Cash Flow Management and Cost Controls
There’s a common reason why businesses fail, and that’s cash flow. This is especially true for rapidly growing businesses.
When your business is growing fast, the most valuable thing you have as a CEO is your time. You need to be in control of the rudders on the ship and you really don’t want to be worried about chasing cash. So what can you do to confidently manage cash flow during rapid growth in your business? Optimise your pricing and review and readjust your spending.
Cash Flow problems cause you to not re-examine your pricing model or experiment with value pricing because you are too scared to lose business. CEOs sometimes tend to make the mistake of offering discounts to generate cash when cash flow is fluctuating as a quick fix. It may feel like the right decision because you feel the urgency, but the long term effect is not sustainable. If you have a solid pricing model and a plan to experiment with value pricing, you won’t get backed into making ad-hoc pricing mistakes that will end up having long-term effects. How well you price your products/services and the margin it produces is the key to maximising cash flow.
When your business is in the midst of rapid growth, you’re often faced with big spending decisions to advance your business’s infrastructure – location, hiring, inventory, equipment, technology.
Fine-tuning these areas of cash flow management enables your business to be scalable. Scalability will help you successfully grow and adapt to increased volume without compromising on quality, performance, service, or any element that’s key to your business.
Also, in terms of spending, you want to take educated risks – By tracking valuable KPIs over the year, you can gather actionable financial intelligence that will help you quantify ROI and make good long-term decisions on spending.
While there is no such thing as 100% assurance, knowing that there is a strong internal control structure in place that includes both preventative and detective controls should give you the comfort to be able to sleep soundly at night. Evaluation of your current internal control structure includes asking the “How do you know?” questions for each business process:
How do you know all of your cash is being recorded completely, and you are recognizing revenue accurately? How do you know you’re hiring the “right” people?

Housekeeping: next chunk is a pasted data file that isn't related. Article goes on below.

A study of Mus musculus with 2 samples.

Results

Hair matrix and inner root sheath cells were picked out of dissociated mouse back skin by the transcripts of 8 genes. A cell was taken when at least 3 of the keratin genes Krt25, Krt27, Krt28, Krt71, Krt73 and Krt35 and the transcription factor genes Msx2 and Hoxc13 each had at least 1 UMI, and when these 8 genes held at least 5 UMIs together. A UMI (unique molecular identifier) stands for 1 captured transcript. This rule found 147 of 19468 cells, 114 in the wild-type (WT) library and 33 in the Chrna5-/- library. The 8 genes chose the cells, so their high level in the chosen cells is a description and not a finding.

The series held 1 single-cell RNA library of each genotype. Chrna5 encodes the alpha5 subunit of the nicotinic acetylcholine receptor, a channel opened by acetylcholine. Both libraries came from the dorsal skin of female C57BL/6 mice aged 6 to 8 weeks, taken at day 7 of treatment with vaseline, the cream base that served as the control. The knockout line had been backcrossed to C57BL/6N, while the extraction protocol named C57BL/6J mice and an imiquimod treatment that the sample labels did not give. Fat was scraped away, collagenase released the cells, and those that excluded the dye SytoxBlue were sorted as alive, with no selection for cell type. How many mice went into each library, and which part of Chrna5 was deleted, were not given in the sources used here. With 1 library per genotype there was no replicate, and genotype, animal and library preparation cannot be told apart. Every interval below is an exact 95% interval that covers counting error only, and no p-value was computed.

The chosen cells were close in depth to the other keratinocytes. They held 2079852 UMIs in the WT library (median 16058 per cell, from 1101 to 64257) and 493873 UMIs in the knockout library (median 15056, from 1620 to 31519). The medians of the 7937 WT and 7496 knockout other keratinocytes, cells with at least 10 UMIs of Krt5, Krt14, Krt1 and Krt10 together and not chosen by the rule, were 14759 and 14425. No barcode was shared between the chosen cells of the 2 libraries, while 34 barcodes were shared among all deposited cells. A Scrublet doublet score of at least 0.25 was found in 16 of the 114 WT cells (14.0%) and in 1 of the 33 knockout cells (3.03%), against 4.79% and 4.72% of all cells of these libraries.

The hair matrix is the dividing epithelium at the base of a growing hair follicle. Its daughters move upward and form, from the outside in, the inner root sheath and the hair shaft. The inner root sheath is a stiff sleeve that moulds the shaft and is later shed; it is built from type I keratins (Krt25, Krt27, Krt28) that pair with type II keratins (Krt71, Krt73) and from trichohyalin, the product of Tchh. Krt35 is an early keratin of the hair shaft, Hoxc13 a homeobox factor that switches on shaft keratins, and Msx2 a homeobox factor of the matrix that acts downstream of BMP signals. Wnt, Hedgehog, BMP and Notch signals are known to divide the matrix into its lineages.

If you’ve answered “I don’t know” to any of the above, then there may be areas where you have control gaps. You want to look closely at each process, identify these gaps and assess the risks associated with them.
Filling out expenses is time-consuming, receipts get misplaced, and employees often categorise expenses incorrectly. Companies like Travelport Locomote, get their employees take a photo of their expense receipts. The company then uses software that scans data such as the date of the expense and the amount spent from the receipt and automatically categorises it, which means the only information employees have to enter manually is the name of the guest they entertained at the meal they are expensing.
Ultimately, Travelport Locomote is leveraging technology to reduce human error and improve internal controls at the same time as reducing the burden on employees.
Usually, finance and strategy teams have been tasked with working together to promote corporate growth. Now, new research has shown that you need to consider risk management—to achieve sustainable long-term growth for your business.
But taking such risks does not come naturally for most companies. In fact, in 2016, 77% of CFOs reported that the amount of risk aversion from executives in their organization rose from the previous year. What these executives do not understand is that, like cholesterol, there are good and bad kinds of risk. Bad risks are more obvious and distinguished by recklessness and wrongdoing. These are what the risk management function is normally associated with—putting controls in place to keep bad things from happening. But companies need to take risks to grow, and there is a role for risk management to play in helping with that.
To get this right, finance, strategy and risk management teams need to join forces. This presents risk management with an opportunity to demonstrate its value by enabling senior leaders to make high-risk growth decisions. Risk leaders can help companies change their approach to new growth opportunities by taking three key steps:
Coordinate risk and strategic planning.
Discuss risk appetite within the appropriate context.
Develop an active risk appetite.
The above shows that risk management, cash flow management and controls, are key to efficiency when you’re juggling the finance challenges of a fast-growing company. If you’d like to talk to us about how you can move your business forward whilst facing these challenges, feel free to get in touch.